Fortune Small Business magazine put out an article on transgender workers today, available on the CNNMoney.com site. Entitled "When a staffer switches genders," the subtitle emphasizes tolerance and respect: "Coping with major changes can flummox a workplace, but you can protect your bottom line and your employees by promoting tolerance and respect."
The article features the story of Tony Ferraiolo, who transitioned from female to male while working at a small business. The theme here is that such transitions can work well, though there are some issues to be ironed out. Ferraiolo, incidentally, is the founder of the Jim Collins Foundation, which provides financial assistance to transgender people for gender-confirming surgeries.
The stories of several other trans people are also mentioned, the author discusses the evolution of discrimination law, and there is an interesting sidebar discussing the steps businesses should take regarding diversity. I have a curmudgeonly little quote at the end, grousing about the importance of workplace civility. I would have liked to see some more specifics discussed about the types of issues that employers face when employee transition, but there are plenty of resources out there, Overall, I think it is wonderful that there is another article in the mainstream business press. Eventually, these will reach enough members of the business community that this issue becomes a non-issue.
The article mentions the Smith case as the first US Circuit Court to acknowledge the rights of transgender plaintiffs under Title VII. It would be appropriate to note that the first federal opinion to do so was in 1983, by Judge Grady of the Northern District of Illinois, in Ulane v. Eastern Airlines, 581 F.Supp. 821 (N.D.Ill. 1983), but his carefully written opinion was reversed by the Seventh Circuit. The first standing opinion on Title VII was in 2001, by Judge O'Malley of the Northern District of Ohio, in Doe v. United Financial Services, 2001 WL 34350174 (N.D.Ohio 2001). There were also decisions in favor of transgender plaintiffs in 2000 on statutes similar to Title VII. I was recently lucky enough to have Miranda Bernabei, who successfully argued the Smith case, as well as a number of others (see below, Doe v. United Financial and Kastl v. Maricopa College) out to Ramapo College to discuss her strategy. Her discussion of the interplay between the underlying precedents was nothing less than brillant.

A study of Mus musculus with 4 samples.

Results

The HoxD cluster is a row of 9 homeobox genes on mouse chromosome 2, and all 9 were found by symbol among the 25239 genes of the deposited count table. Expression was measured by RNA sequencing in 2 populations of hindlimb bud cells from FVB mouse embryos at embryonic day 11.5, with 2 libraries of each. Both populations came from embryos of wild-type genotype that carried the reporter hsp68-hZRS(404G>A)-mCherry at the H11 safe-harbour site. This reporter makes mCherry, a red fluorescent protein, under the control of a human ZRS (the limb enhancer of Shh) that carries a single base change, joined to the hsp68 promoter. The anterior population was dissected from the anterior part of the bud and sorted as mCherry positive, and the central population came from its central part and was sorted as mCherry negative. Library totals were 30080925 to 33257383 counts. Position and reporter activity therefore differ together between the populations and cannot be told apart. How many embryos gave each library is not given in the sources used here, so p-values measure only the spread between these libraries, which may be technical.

In addition to the Sixth Circuit's decision in Smith v. Salem, the First and Ninth Circuits have given indications that they might rule similarly. District courts in the Second , Third , Fifth and Seventh Circuits have ruled in favor of transgender plaintiffs, as has the Federal District Court for the District of Columbia . These developments suggest that “sex” refers to more than the traditional binary distinction of sex that it once connoted. A review of the historical progression of the term “sex” demonstrates that it now includes elements of “gender”. I have an article coming out on this in the fall in the Temple Political and Civil Rights Law Review.
Here's the cases in favor of transgender plaintiffs currently. First Circuit: Rosa v. Park West Bank & Trust Co., 214 F.3d 213, 214-215 (1st Cir. 2000)(non-Title VII case), Second Circuit: Tronetti v. TLC HealthNet Lakeshore Hosp., 2003 WL 22757935 (W.D.N.Y. 2003), Third Circuit: Morales v. ATP Health & Beauty Care, Inc., 2008 WL 3845294 (D.Conn 2008); Mitchell v. Axcan Scandipharm, Inc., 2006 WL 456173 (W.D.Pa. 2006), lv. to app. den. 2006 WL 986971(W.D.Pa. 2006), Fifth Circuit: Lopez v. River Oaks Imaging & Diagnostic Group, Inc., 542 F.Supp.2d 653 (S.D.Tex.2008), Seventh Circuit: Creed v. Family Express Corp., 2007 WL 2265630 (N.D.Ind. 2007) (distinguishing Ulane), Ninth Circuit: Schwenk v. Hartford, 204 F.3d 1187 (9th Cir. 2000)(non-Title VII case), Kastl v. Maricopa County Community College Dist., 2004 WL 2008954 (D.Ariz. 2004); Fischer v. City of Portland, 2004 WL 2203276 (D.Or. 2004); Sturchio v. Ridge, 2005 WL 1502899 (E.D.Wash. 2005), DC Circuit: Schroer v. Billington, 577 F.Supp.2d 293 (D.D.C. 2008).